June 13, 2011


History center opens doors

Central New York Living History Center hosts its first open house

CenterJoe McIntyre/staff photographer
From left, Tyler Holcomb, 13, of Homer along with Luela and Sanford Gay of Cortland view war mementos on display Saturday at the Central New York Living History Center open house.

Staff Reporter

CORTLANDVILLE — Chip Jermy ushered people on a tour around the unfinished Central New York Living History Center, showing off the work of countless volunteers who have donated their time and money to the project.
Jermy, president of The Homeville Museum and a member of the Homer-Cortland Community Agency board that will run the more than 20,000-square-foot center on Route 11, was one of a handful of guides who gave tours at the center’s first open house Saturday.
The center features three main museums: the Brockway Truck Museum, the Tractors of Yesteryear for antique farming equipment, and the Homeville Museum.
The Homeville Museum essentially “fills in the gaps,” Jermy said. The displays, rotating every three months, will have pieces of local history from the collection of Ken Eaton, a Homer resident known for his military and railroad memorabilia.
There will also be a section for Eaton’s model trains, which Jermy said is a big hit for most kids.
Hugh Riehlman, vice president of the Brockway Truck Preservation Association and president of the Homer-Cortland Community Agency, said the open house showed visitors what was going on with the project and what has changed.
“We’ve had a good reception,” he said.
Cortland residents Charlie and Alice Barned said they were impressed with the project and how far it has come.
“We go by four times a week,” Alice said. “You see the progress — it’s really great.”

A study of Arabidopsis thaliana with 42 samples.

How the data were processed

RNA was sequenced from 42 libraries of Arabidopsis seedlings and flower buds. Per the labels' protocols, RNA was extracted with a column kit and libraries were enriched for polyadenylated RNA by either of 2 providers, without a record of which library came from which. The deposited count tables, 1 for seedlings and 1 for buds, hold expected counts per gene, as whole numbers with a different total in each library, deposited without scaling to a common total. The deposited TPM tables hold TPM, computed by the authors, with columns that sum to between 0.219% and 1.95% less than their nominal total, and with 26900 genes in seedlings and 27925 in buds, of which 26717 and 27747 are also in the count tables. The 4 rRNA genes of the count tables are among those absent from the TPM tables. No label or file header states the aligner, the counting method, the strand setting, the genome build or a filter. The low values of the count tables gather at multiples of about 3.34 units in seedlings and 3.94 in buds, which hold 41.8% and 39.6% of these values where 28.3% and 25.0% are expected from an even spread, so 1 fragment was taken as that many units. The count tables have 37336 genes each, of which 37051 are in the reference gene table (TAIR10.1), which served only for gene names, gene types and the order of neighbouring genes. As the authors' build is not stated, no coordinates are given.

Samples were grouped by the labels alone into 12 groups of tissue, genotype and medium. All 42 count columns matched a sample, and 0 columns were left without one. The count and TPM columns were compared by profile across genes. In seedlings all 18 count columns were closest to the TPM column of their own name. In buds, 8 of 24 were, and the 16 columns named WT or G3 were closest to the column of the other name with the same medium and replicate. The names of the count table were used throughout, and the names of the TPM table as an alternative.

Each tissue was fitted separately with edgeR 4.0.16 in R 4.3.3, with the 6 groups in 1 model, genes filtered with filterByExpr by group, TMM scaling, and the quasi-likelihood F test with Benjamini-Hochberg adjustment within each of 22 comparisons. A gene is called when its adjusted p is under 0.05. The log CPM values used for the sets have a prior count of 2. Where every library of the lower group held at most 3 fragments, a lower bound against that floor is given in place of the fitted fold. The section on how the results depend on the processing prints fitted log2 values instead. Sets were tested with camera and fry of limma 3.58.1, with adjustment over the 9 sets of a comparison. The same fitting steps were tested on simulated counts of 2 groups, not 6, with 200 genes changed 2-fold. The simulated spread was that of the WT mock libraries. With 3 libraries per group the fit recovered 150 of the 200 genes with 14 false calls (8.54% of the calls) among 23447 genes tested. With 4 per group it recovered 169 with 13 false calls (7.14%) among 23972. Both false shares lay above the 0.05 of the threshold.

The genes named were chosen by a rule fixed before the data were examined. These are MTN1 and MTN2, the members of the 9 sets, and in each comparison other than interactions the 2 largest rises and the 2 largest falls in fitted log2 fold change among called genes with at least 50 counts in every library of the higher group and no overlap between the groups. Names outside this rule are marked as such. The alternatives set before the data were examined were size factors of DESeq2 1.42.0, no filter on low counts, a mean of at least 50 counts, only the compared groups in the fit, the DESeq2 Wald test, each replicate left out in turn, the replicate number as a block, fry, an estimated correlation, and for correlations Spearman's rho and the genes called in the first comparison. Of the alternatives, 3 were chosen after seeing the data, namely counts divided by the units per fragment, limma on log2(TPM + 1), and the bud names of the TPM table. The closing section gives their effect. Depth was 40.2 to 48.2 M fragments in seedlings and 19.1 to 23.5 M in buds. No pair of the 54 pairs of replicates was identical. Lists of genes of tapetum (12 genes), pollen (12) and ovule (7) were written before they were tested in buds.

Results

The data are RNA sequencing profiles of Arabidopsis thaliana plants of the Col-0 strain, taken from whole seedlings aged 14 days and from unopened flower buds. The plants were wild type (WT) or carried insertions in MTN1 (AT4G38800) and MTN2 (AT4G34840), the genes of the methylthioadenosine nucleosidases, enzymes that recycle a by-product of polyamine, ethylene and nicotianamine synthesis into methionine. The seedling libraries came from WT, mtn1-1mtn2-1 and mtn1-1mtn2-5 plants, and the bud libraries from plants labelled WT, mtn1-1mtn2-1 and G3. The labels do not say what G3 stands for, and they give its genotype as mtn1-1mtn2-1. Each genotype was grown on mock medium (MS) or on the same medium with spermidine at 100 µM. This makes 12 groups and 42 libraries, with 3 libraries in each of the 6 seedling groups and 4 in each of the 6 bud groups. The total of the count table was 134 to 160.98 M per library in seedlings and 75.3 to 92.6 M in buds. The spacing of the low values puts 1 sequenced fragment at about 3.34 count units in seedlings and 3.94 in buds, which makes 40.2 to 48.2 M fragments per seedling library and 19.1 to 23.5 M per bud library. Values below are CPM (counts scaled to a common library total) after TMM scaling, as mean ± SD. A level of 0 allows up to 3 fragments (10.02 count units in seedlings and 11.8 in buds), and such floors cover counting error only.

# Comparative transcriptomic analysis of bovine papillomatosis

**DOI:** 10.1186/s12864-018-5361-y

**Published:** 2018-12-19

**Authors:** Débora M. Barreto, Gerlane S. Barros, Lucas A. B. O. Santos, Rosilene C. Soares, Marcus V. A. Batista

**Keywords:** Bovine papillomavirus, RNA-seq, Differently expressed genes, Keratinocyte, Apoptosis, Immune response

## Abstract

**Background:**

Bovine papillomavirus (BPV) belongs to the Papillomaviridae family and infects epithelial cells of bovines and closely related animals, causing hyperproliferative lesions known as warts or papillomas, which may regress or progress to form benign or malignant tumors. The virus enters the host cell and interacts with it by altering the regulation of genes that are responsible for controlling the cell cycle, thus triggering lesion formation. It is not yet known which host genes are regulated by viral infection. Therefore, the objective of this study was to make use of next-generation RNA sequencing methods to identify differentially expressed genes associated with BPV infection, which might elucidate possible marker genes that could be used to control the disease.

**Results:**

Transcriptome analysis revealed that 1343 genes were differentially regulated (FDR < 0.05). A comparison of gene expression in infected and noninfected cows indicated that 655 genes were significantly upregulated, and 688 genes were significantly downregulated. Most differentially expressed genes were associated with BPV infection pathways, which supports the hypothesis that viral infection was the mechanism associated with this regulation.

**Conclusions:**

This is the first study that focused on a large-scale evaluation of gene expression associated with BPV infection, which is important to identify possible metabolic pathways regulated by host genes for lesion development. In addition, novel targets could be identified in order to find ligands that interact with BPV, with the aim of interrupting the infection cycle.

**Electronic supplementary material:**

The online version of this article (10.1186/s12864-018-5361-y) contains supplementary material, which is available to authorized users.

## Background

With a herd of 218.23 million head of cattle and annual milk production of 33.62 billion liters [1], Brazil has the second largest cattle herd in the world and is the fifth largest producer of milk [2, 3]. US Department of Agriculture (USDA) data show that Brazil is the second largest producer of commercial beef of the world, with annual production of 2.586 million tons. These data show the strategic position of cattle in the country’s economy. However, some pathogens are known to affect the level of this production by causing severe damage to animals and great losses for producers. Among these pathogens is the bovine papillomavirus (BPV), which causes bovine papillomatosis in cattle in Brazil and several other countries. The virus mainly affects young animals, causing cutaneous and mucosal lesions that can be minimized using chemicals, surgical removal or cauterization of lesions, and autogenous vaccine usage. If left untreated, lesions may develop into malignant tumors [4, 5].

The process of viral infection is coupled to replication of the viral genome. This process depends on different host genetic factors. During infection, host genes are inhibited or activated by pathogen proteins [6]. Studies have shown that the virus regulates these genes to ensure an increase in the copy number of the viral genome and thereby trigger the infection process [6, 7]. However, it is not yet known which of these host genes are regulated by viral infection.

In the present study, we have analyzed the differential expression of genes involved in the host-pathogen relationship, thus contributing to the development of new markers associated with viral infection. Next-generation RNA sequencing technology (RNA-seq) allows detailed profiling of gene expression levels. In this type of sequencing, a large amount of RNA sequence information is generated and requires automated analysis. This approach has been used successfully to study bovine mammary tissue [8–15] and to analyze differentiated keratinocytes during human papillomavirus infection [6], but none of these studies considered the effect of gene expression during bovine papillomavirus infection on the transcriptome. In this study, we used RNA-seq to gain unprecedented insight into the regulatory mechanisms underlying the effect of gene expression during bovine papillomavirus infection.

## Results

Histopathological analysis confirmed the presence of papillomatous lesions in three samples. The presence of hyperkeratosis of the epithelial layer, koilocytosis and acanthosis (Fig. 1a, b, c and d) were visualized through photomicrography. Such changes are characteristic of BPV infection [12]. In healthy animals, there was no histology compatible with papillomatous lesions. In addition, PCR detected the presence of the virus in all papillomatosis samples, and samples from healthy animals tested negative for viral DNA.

They said once it opens it should be a great tourist attraction for the area.
“I didn’t realize how much work they were doing,” Charlie said. “They have done a fantastic job.”
Shirley Randolph, the Brockway association’s president who is also treasurer of the Homer-Cortland Community Agency, said there was likely more people visiting than what was listed in the guest book — which had accumulated over 180 names by 12:30 p.m.
“Everyone’s excited about what’s going on,” she said.
Jermy, also past co-historian for the village of Homer, said the Brockway Truck portion of the center, which features various trucks from the former Brockway Motor Truck Co.., factory in Cortland could be open next year — on the 100th anniversary of the company’s founding.
Having a part of the center open could qualify the project for more grant funding, he said.
The project has cost about $1.2 million since work began on the former A.B. Brown department store just north of Cortland about five years ago, Jermy said, and an additional $1.2 million will likely be needed to finish.
Cortland residents Pat and Christopher Wood, along with their daughter Darby, took one of the tours with Jermy.
“I think it’s wonderful they are using an old building,” Pat said, adding how important it was to have something like this to preserve the rich heritage of the Cortland and Homer area.
Some of the antiques came from local residents such as Cortland’s Jerri Rote, who donated some tools her husband had accumulated over the years to the Tractors of Yesteryear.
“My husband never threw anything away,” she said.
Bud and Laurie Fisher, members of the Finger Lakes Antique Power Club, made the trip to the center from LaFayette and spoke about the friendship and camaraderie between the people who restore antique vehicles.
“It’s all about respect for old iron that made the world work ... and to restore it as a tribute,” he said. “It gives grandparents an opportunity to show what it was that makes life what it is today.”